Abstinence means refraining from intercourse. It could also be interpreted as including other sexual behaviours that put people at any level of risk of sexually transmitted infection (STI) or pregnancy, including oral sex, anal sex and non-penetrative sex. An even stricter level of abstinence, called Celibacy, urges masturbation to be left off the menu too.

Few people will argue with the statement that abstinence is the safest sexual practice around. It completely guarantees zero pregnancy and STI risk (biblical examples withstanding). But, can anyone guarantee abstinence? Human nature would suggest not! 

“Just say NO” Nancy Reagan

Abstinence has recently become something of a political issue when the Republican Administration in the United States decided to increase the yearly spending on abstinence-only programmes in schools. Such purist programmes generally have a religious agenda, which promotes ideals, such as discouraging pre-marital sex, above pragmatic notions, like the reality that sex is here! Not facing it isn’t going to make it go away.

The sticky part of all this is that money and school hours given to abstinence teaching, are resources taken away from sex education programmes. Studies on the success of such initiatives show that they often use scare tactics, with misleading information such as:

  • Under-estimating the effectiveness of condoms and other contraceptives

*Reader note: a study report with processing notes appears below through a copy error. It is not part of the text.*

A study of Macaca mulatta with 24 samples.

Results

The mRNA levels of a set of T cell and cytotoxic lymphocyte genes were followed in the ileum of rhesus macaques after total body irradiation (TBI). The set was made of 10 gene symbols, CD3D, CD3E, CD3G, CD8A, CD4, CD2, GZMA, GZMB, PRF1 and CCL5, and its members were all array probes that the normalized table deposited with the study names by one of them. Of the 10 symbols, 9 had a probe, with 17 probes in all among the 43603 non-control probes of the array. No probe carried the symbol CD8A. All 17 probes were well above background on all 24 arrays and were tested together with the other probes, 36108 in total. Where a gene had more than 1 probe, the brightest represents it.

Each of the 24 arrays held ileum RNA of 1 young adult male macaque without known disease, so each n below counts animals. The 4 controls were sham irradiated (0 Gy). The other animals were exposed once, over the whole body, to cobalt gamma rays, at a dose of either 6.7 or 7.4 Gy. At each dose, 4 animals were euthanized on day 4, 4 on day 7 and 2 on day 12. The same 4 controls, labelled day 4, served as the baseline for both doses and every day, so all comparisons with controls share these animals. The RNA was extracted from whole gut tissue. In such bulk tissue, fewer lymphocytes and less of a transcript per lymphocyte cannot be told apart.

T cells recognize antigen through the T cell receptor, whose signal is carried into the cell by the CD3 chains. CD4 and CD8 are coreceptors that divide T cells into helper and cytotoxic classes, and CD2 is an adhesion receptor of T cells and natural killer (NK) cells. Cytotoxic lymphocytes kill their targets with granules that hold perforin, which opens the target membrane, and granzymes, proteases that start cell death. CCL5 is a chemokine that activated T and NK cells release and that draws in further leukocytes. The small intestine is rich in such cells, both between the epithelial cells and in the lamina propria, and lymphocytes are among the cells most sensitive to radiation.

• Making false claims about the risks of abortion
  • Giving incorrect information on the incidence and transmission of STIs
  • Confusing medical information with religious and moral dogma

Think of what could be done with over $1 billion that was spent in the US alone in the last decade on abstinence-only programmes, when no evidence has shown that this choice of strategy is successful in reducing unwanted pregnancy and infections in teens? Experience from Europe shows that better outcomes are possible when the facts are given and the consequences of sex are discussed and not ignored.

In Ireland, the Catholic Church had traditionally been responsible for sex education. It was not until the early 1990`s that researchers even dared ask people about their sexual behaviour. In a 1992 survey, 70% of single men and 55% of single women admitted that they were sexually active (The Durex Report Ireland, 1993). I think it would be safe to say that abstinence education had failed. Within a few years Ireland initiated a national programme called Relationships and Sexuality Education.

The success of the various programmes depends on what you are hoping to gain. Avoiding unwanted pregnancies and unplanned births is one measure, but so is having a healthy attitude to sex and being able to negotiate your conditions and choices. Michel Foucault said that the silencing of sex does not make it go away; it just brings more attention and makes it more complicated.